For a long time it looked that Yellen, vice-chairman of the Fed, would be taking a short walk across the corridor to replace Bernanke when he steps down next year. However it now appears that informed sources in Washington and pointing at former Treasury secretary, Larry Summers, as a dark horse candidate for the role.
/ By Stanley Green /
Despite the fact that the announcement of who will be replacing Bernanke next year is only due in September, most followers of government policy were more or less convinced that President Obama would not be looking any further than Ms Yellen to be Bernanke’s successor.
Now it appears that the choice of successor is far away from being a closed book, with not only Larry Summers being a strong contender but also another former Treasury secretary Tim Geithner, as well as another former vice-chairman of the Federal Reserve Bank Donald Kohn and even Stanley Fischer, due to relinquish his role as governor of the Bank of Israel in the summer, also believed to appear on some form of unofficial shortlist to take up the role.
The reason why many in the know speculating that Larry Summers’s name has risen to the top of the list, is that Obama may be fearful that despite case for Ms. Yellen having the strongest of economic credentials as well as many years of practical experience in central banking as head of the San Francisco Federal Bank, Ms. Yellen may not have the strength to handle the buffeting that is suspect to begin at a time when the almost four years of easy capital flow driven by the Fed begins to be eased off. Something that is due to happen almost immediately after Mr Bernanke leaves his post at the Fed.
What is being felt on Capitol Hill is that Bernanke’s assurances to Congress that the monthly $85 billion of asset purchases which make up what has been a third round of quantitative easing for the US economy needs to maintained for as long as the recovery in the economy has completed. Now with the US economy beginning to pick up speed, these days are drawing close and it will take a tough Fed President to withstand the pressures and not be tempted to reopen the tap on low-cost finance, which may be having an inflationary effect on the economy.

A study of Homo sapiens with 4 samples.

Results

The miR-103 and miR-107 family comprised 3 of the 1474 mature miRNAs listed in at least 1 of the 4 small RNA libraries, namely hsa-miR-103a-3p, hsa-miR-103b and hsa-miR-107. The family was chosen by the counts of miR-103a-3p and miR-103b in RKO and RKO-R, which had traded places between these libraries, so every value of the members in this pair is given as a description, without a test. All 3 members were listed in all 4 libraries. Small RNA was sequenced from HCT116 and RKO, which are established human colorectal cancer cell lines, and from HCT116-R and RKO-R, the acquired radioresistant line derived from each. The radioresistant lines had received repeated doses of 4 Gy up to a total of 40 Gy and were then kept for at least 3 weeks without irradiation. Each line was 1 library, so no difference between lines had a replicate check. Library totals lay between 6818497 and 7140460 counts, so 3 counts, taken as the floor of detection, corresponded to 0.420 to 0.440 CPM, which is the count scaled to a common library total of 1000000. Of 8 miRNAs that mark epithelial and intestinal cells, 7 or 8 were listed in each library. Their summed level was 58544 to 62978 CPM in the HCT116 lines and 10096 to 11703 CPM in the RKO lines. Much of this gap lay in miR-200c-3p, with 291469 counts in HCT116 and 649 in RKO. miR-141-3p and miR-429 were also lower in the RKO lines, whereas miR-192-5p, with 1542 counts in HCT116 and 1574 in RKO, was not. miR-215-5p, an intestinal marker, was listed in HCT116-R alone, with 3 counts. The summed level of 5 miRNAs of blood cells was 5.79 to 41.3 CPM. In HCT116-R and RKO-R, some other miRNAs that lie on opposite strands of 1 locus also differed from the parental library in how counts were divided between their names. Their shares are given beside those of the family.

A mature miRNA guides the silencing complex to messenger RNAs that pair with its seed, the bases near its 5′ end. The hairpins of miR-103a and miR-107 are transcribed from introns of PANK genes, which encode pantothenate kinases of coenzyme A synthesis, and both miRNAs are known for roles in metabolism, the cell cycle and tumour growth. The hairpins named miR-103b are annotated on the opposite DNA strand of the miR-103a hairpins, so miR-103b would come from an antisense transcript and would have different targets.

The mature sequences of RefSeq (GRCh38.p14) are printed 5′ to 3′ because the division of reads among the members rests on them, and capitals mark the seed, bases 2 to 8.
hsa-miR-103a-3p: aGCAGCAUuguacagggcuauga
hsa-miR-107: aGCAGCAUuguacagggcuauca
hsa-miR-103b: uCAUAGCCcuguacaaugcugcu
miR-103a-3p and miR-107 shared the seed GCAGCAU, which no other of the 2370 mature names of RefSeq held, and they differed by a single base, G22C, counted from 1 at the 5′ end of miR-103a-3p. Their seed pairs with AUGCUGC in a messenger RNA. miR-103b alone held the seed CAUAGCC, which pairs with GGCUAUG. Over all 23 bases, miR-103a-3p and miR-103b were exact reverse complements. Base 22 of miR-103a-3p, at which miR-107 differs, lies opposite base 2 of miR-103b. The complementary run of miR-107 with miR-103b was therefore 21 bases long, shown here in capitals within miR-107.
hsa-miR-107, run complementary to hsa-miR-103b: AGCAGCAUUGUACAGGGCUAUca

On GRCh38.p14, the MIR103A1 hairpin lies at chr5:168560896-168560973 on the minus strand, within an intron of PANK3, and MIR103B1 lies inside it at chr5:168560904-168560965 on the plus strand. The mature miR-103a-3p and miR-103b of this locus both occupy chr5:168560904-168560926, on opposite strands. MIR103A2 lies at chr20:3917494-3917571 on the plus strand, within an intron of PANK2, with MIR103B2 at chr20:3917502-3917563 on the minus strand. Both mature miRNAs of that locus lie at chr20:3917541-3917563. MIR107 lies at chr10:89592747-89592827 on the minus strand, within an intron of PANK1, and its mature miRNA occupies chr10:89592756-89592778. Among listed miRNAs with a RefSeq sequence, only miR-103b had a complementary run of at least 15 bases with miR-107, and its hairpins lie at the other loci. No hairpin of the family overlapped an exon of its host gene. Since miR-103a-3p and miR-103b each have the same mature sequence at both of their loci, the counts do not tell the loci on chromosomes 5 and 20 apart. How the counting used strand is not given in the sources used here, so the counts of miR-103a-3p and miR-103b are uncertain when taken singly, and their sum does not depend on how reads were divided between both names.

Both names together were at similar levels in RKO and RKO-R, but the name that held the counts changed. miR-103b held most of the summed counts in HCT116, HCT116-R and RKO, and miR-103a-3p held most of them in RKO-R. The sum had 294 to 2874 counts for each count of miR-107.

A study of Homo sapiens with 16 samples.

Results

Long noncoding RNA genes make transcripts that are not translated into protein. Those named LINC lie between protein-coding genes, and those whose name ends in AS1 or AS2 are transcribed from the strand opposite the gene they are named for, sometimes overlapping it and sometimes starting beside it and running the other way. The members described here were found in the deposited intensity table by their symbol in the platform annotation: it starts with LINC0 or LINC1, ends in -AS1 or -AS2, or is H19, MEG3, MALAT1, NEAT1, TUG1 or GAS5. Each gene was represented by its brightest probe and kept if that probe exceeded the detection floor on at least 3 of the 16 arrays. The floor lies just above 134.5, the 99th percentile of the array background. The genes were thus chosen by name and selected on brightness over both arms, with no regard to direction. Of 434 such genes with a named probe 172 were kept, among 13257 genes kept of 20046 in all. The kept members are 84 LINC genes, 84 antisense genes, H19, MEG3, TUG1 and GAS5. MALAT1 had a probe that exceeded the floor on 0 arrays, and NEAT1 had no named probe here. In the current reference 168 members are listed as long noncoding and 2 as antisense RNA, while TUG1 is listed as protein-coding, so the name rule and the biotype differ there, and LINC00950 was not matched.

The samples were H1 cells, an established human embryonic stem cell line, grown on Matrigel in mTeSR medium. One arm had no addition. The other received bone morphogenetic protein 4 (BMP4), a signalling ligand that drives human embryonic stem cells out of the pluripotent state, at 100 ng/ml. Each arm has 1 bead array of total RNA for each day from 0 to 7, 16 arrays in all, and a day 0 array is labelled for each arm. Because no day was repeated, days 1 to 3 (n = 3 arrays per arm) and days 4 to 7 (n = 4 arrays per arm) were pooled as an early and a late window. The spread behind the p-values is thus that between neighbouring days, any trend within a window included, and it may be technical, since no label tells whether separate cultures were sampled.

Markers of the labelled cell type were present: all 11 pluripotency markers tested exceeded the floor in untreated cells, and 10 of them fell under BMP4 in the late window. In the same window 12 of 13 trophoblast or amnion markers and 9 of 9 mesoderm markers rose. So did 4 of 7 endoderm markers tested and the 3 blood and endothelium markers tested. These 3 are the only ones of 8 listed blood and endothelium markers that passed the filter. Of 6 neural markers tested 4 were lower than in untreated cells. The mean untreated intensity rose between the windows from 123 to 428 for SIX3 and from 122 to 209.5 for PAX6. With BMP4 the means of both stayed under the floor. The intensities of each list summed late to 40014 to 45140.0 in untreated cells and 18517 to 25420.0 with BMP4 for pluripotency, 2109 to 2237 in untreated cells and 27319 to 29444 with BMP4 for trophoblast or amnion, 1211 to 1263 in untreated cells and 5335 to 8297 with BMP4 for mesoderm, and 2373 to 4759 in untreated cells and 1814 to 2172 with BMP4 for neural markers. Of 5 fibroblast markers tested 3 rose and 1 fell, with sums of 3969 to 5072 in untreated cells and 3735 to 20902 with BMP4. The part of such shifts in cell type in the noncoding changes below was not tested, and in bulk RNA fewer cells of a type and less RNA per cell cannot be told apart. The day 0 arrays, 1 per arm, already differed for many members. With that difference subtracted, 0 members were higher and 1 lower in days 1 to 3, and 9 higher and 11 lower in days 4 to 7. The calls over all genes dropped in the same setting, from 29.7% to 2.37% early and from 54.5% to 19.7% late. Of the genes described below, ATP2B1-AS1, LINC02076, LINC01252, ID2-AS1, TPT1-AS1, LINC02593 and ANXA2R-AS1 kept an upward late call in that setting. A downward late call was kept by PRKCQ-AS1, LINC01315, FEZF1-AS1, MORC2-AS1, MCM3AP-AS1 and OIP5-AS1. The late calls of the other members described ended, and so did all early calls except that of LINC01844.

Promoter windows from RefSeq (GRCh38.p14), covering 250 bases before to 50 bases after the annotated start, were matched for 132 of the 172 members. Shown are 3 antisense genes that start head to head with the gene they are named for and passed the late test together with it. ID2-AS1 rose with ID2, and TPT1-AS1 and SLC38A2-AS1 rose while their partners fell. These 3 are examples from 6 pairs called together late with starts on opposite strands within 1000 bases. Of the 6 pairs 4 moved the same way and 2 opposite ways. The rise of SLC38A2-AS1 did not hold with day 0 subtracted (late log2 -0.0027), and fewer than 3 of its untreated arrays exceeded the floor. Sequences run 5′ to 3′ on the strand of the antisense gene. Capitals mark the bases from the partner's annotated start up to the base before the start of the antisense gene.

While Messrs. Geithner, Kohn and Fischer undoubtedly have the backbone for the job, Obama may well feel that, as the trio are all well into their seventies, that a younger man may well be more fitting to take up the position.
And that’s where Larry Summers is looking more and more attractive among people in the know to fill the role. Not only does Summers come from a rich economic background is particularly noted for the strength of his intellectual leadership abilities, a factor that would be of tremendous assistance in helping Summers handling the many challenges that come with the position, and even more so during the difficult times expected over the next two or three years as the US economy virtually rebuilds itself.
There is little doubt that appointing the replacement to Bernanke, is among the most significant decisions that President Obama will have to make during his second presidency. The financial legacy that he will leave behind can be either positive or negative and depending solely on the success or failure of the man in charge at the Fed over the remaining three years of his time in the White House
While there are pluses and minuses for every candidate , the smart money in Washington saying that if Obama wants to find exactly the right man for the job, Summers should be the President’s choice.
Lawrence Henry Summers (Larry) was born in New Haven, Connecticut, although he spent the majority of his childhood in Penn Valley, Pennsylvania. There is little doubt that Summers came from an impeccable background in the world of economics, with both of his parents, Robert and Anita both serving as professors on the subject at the University of Pennsylvania . Summers can also boast the rare distinction of having two uncles who are both Nobel laureates in economics: Paul Samuelson (on his father’s side) and Kenneth Arrow (on his mother’s side).
Despite the rich family background, Summers interest in economics only began to show after he began to study at the internationally renowned Massachusetts Institute of Technology (MIT), where his original plan was to study physics. However within a few months, summers appeared to catch the bug, switching his study program to economics. After graduating from MIT Summers went on to attend Harvard University, where he graduated with a PhD in economics in 1982. Just a year later, aged just 28, summers was offered the role of a tenured professor at Harvard, making him one of the youngest in the University’s history.
In 1999 Larry Summers was approached by President Bill Clinton to take up the role of United States Secretary of the Treasury, which he held until 2001. When Barack Obama moved into the White House in 2009 he appointed summers to be director of the United States National Economic Council for President, a role which he held until November 2010.
In the meantime summers has also served as the President of Harvard University, initially from 2001 to 2006. Currently Summers acts as the Charles W. Eliot University Professor at Harvard University’s Kennedy School of Government.